Older man comforting his grieving friend after the death of a loved one

Knowing what to say to a grieving friend or family member can be difficult. It might be that you’re struggling to put how you feel into words, or you may fear saying the wrong thing and offending them. These feelings are common. However, in most cases it is better to say something and acknowledge their loss than say nothing at all.

What to say to a grieving friend

  • “I’m so sorry for your loss.” It may seem obvious, but offering your condolences is better than ignoring their grief.
  • “I wish I knew what to say.” Sometimes, admitting you’re at a loss for words is better than trying to make things better.
  • “When is the funeral?” Attending the funeral is a great way to support a grieving friend or relative. As long as they haven’t opted for a small, private service, you will probably be welcome to attend.
  • “I’ll stop by on Tuesday to see how you’re doing.” Saying “I’m here for you” to a grieving friend is thoughtful, but it’s even better when you’re specific with your offers of help. Don’t wait for them to think of something you can do for them – think of how you can help them, whether it’s cooking, cleaning or running errands, and tell them when you can do it.
  • “I remember when…” You might think that talking about the person who has died will make your friend sadder, but this isn’t always the case. Sharing memories of their loved one may be of comfort, so if they seem willing to talk about them, you might want to tell your own stories about them.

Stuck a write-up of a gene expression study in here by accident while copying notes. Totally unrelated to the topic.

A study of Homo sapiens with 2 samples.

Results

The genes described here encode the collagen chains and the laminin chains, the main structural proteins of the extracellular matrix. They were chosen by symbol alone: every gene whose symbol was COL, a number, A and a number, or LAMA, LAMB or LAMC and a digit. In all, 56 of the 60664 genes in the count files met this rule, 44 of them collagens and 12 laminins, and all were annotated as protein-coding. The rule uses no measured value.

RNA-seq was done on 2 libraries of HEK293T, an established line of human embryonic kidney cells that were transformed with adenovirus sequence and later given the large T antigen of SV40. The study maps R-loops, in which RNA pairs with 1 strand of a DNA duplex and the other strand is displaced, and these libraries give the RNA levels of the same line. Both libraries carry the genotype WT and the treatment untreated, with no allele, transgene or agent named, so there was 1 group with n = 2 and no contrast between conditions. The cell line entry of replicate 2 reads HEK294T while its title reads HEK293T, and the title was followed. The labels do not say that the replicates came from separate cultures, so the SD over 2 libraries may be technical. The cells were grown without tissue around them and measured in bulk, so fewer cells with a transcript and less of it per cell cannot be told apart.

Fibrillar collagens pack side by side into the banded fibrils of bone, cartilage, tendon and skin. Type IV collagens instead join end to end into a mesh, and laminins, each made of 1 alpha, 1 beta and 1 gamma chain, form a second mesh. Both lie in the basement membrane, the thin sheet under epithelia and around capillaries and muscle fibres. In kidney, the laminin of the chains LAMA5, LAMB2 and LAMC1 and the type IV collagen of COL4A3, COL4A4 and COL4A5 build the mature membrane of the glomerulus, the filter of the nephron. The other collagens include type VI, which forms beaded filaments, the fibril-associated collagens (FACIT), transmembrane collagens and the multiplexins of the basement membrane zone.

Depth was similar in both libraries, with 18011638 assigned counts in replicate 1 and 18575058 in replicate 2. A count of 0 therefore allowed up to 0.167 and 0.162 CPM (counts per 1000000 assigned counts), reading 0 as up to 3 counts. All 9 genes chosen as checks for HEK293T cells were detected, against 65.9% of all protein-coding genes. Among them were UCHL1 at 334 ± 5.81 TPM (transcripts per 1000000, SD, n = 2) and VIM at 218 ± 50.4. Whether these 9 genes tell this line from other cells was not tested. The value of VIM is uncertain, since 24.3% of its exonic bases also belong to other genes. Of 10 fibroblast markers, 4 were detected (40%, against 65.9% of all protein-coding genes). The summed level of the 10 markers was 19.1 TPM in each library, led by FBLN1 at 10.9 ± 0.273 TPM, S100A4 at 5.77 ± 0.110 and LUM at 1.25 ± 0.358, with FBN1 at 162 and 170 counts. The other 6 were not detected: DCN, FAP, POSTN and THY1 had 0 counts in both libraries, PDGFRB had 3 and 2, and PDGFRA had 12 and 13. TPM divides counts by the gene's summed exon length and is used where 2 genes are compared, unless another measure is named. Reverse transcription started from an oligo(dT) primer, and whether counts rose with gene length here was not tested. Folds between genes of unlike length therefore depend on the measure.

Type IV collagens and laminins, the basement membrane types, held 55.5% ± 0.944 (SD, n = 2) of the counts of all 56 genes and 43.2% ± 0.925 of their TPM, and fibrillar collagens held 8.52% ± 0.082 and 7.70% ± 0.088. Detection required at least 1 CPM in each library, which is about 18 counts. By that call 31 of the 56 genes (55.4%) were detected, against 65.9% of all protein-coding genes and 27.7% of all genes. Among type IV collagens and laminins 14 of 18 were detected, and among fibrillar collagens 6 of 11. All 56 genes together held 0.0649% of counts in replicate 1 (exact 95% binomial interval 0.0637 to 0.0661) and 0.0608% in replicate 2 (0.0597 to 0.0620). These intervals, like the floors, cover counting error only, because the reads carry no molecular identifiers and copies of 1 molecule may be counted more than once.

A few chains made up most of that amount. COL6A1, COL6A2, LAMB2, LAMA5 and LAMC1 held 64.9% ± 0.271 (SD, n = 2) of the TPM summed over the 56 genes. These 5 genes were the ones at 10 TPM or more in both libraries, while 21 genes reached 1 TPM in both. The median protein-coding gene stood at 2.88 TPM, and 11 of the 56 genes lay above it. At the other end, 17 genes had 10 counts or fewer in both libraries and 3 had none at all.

Things to avoid

  • “I know just how you feel – my grandmother died recently.” Even if you have lost a loved one and experienced grief, everyone’s grief is unique to them and it is impossible to guess exactly how they are feeling. Try to avoid comparing their situation to any losses in your life, unless they ask you about your experiences.
  • “Time heals all wounds.” This comment might be well-meaning, but for many people, grief never goes away. In many cases, grief can’t be healed.
  • “They are in a better place now” or “God has a plan.” Even if you know that your grieving friend is a person of faith, it might be better to avoid comments that suggest their loved one was meant to die. This could make them feel that they aren’t supposed to be grieving.
  • “Just let me know if you need any help.” Many bereaved people struggle to ask for help, either because they don’t want to be a burden or aren’t sure exactly what they need. Try to make offers of help specific, such as, “I can take the kids to school this week” or “I’m going grocery shopping, do you need anything?”
  • “You need to move on.” Grief doesn’t have a time limit. As mentioned, some people will love and miss their loved one forever.

Find out more about helping someone who is grieving, including knowing when they may need help.